You always hear stories about how if you go back far enough with your family tree, you’ll find everybody is related to everyone else at least once or twice, making all of us at some time, related to some member of some royal family or another. But that doesn’t exactly make us a princess.
However, that isn’t the case with one such girl, by the name of Tatiana.
By all accounts Tatiana great up a normal life in Canada. Her father was a banker, working at the Royal Bank of Canada but they were by no means rich. Most times her dad would put in long, 12 hour days at work.
The only thing odd (if you could call it that), she could say about her father was how well her father was treated around the Toronto synagogues despite the fact that they weren’t Jewish. As she got older she learned that her father was treated as a sort of unofficial celebrity because her father’s grandfather was King Boris III, and he did something special for Bulgaria’s Jews during the Second World War, opposing Hitler’s attempts to deport the Jewish population out of his country.
Still, Tatiana had never met her great-grandfather because he died in 1943, so she probably couldn’t relate to just how wonderful of a man he really was.
Her grandfather (her father’s father) was His Serene Highness, Prince Karl of Leiningen. But by the time Tatiana was old enough to really get to know him, he was living in exile and was probably just “grandpa” to her and her sisters. Grandpa Prince Karl moved to Toronto and entered into the finance industry, eventually to become an executive in a brokerage firm.
So imagine waking up one day to find out your dad wasn’t just Hermann Leiningen but in fact, he was His Serene Highness, Prince Hermann Hriedrich of Leiningen and when he was born he was about 50th in line to the British throne.
Oh, and by the way, that makes you Princess Tatiana of Leiningen and also in the line of succession for the British throne.
How crazy would that be? That’s exactly what happened to Tatiana Leiningen.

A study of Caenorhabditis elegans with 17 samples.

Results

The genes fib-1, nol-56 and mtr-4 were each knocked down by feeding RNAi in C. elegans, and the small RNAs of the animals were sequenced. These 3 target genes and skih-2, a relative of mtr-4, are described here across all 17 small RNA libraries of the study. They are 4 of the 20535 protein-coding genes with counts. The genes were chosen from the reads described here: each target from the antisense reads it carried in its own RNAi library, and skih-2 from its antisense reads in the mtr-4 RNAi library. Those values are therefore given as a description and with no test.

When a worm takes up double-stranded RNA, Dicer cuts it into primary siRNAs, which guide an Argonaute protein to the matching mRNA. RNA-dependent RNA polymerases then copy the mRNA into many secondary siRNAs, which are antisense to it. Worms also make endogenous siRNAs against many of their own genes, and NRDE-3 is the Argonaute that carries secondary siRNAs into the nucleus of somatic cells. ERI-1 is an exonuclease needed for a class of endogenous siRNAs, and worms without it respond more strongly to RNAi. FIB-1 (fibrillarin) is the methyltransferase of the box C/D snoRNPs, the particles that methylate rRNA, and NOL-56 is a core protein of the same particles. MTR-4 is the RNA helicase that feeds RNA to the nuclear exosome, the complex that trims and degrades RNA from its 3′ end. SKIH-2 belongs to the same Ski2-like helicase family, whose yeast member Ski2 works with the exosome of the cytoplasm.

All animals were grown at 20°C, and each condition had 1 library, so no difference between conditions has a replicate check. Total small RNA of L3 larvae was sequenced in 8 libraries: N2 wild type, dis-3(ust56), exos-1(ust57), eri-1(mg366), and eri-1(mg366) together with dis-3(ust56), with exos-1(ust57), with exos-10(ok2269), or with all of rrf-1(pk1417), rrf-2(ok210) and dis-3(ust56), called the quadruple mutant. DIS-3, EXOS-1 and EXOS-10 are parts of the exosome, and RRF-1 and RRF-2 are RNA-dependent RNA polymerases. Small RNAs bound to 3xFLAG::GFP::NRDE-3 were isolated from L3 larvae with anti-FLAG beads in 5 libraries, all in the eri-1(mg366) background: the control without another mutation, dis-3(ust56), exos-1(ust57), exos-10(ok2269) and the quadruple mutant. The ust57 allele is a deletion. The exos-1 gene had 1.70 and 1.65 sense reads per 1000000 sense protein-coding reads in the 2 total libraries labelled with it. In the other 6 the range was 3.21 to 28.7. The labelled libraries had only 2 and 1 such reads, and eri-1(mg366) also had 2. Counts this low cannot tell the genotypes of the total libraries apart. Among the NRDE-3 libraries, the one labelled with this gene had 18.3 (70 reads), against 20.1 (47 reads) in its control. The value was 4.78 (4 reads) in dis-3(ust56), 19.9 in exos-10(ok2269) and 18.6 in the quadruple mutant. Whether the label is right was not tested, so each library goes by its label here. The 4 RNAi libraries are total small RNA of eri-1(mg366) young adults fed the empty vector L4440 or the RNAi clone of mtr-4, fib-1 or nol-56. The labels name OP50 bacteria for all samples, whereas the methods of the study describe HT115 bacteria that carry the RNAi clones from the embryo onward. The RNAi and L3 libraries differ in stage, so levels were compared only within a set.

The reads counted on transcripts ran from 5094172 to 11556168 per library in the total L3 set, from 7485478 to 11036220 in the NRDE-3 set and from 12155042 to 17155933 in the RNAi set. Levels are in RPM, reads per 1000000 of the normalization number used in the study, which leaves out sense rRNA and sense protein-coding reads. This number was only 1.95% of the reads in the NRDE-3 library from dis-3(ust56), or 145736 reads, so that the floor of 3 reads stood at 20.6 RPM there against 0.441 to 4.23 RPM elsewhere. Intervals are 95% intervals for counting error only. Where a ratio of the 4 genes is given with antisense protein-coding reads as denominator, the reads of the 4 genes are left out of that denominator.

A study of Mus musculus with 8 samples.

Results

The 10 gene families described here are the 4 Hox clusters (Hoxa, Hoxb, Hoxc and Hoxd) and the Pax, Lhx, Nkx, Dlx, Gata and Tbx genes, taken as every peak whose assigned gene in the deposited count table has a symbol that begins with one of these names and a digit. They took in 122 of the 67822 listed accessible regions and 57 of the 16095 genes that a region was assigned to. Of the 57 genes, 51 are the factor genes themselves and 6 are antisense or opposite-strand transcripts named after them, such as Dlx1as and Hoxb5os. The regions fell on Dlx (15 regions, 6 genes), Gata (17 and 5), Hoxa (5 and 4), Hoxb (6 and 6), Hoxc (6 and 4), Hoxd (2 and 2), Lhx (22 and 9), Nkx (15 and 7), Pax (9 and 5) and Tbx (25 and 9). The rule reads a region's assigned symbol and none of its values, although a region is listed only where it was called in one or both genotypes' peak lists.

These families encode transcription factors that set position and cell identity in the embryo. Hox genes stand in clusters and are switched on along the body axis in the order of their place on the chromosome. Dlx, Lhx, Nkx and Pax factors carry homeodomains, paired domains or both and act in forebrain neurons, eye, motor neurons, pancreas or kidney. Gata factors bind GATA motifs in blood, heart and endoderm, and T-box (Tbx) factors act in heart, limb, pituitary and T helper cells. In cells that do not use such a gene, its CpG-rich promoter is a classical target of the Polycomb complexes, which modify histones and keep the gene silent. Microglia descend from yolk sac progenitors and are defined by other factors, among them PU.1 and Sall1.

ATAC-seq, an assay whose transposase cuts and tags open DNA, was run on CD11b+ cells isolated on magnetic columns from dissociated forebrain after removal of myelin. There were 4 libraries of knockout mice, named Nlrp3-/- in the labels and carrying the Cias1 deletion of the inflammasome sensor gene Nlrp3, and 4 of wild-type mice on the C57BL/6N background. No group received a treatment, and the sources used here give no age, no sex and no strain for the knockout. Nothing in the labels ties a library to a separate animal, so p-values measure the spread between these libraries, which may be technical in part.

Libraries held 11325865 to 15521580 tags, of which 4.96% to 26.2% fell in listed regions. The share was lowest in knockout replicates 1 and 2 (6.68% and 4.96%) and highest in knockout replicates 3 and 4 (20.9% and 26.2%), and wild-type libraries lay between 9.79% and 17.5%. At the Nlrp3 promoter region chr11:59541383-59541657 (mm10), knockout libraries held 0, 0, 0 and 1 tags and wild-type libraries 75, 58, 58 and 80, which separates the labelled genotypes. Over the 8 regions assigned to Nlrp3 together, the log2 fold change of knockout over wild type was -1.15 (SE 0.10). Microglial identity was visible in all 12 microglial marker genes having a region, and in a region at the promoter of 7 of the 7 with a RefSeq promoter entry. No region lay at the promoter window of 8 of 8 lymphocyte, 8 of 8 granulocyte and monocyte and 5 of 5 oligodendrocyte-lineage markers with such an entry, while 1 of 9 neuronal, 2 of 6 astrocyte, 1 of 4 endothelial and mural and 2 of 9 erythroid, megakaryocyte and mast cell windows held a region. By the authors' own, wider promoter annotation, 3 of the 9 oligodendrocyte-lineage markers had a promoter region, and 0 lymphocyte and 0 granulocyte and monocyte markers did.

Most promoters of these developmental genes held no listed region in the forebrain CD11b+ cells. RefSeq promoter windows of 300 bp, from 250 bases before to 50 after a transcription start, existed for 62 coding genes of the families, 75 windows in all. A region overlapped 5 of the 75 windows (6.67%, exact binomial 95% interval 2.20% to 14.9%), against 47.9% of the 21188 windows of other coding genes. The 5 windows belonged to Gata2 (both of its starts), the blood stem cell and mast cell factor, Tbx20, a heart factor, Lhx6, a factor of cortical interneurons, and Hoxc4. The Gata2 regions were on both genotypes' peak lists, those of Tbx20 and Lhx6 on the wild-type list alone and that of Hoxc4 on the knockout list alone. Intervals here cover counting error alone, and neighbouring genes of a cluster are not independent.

She grew up living a normal life, going to school like any other normal girl. She graduated high school and even went on to study marketing at Queen’s University in Canada. She’s even on twitter as @tatsvml.
And you know what? She’s absolutely beautiful. Everything you would think a real-life princess might look like.
No, she’s not rich or nor does she even own a real tiara but she has a family tree that anyone would envy — full of kings and queens, dukes and duchesses in several countries dating back generations – Germany, Russian, Bulgaria, England, and more.
Her Serene Highness, Princess Prince Tatiana zu Leiningen is the great- great-great-granddaughter of Prince Alfred of the United Kingdom, Duke of Saxe-Coburg and Gotha (Queen Victoria’s second-born son). Her great Uncle Vladi was Grand Duke Vladimir of Russia; Great Uncle Juanito, the King of Spain; Great Uncle Beppo, King Umberto II of Italy; and Nonna, her beloved great grandmother, the Queen of Bulgaria. And yes, she’s distant cousins to Prince William and Harry.
Her father said he once bumped into Prince Charles, his cousin several times removed, at a London art gallery and introduced himself. The two then spoke of the tangled family tree tethering them together. “We are all related somehow,” he says. He is referring to Europe’s aristocracy. Where marrying your first cousin, as prince Hermann’s great grandmother, Princess Victoria Melita of Great Britain did when she married Grand Duke Kirill of Russia, was a way of forming alliances and securing family fortunes.
Princess Tatiana of Leiningen will probably never live in a castle or wear a diamond-studded tiara around the house each day, but she does have a fascinating family tree.
Speaking of the royal line of succession …. here is how that works out.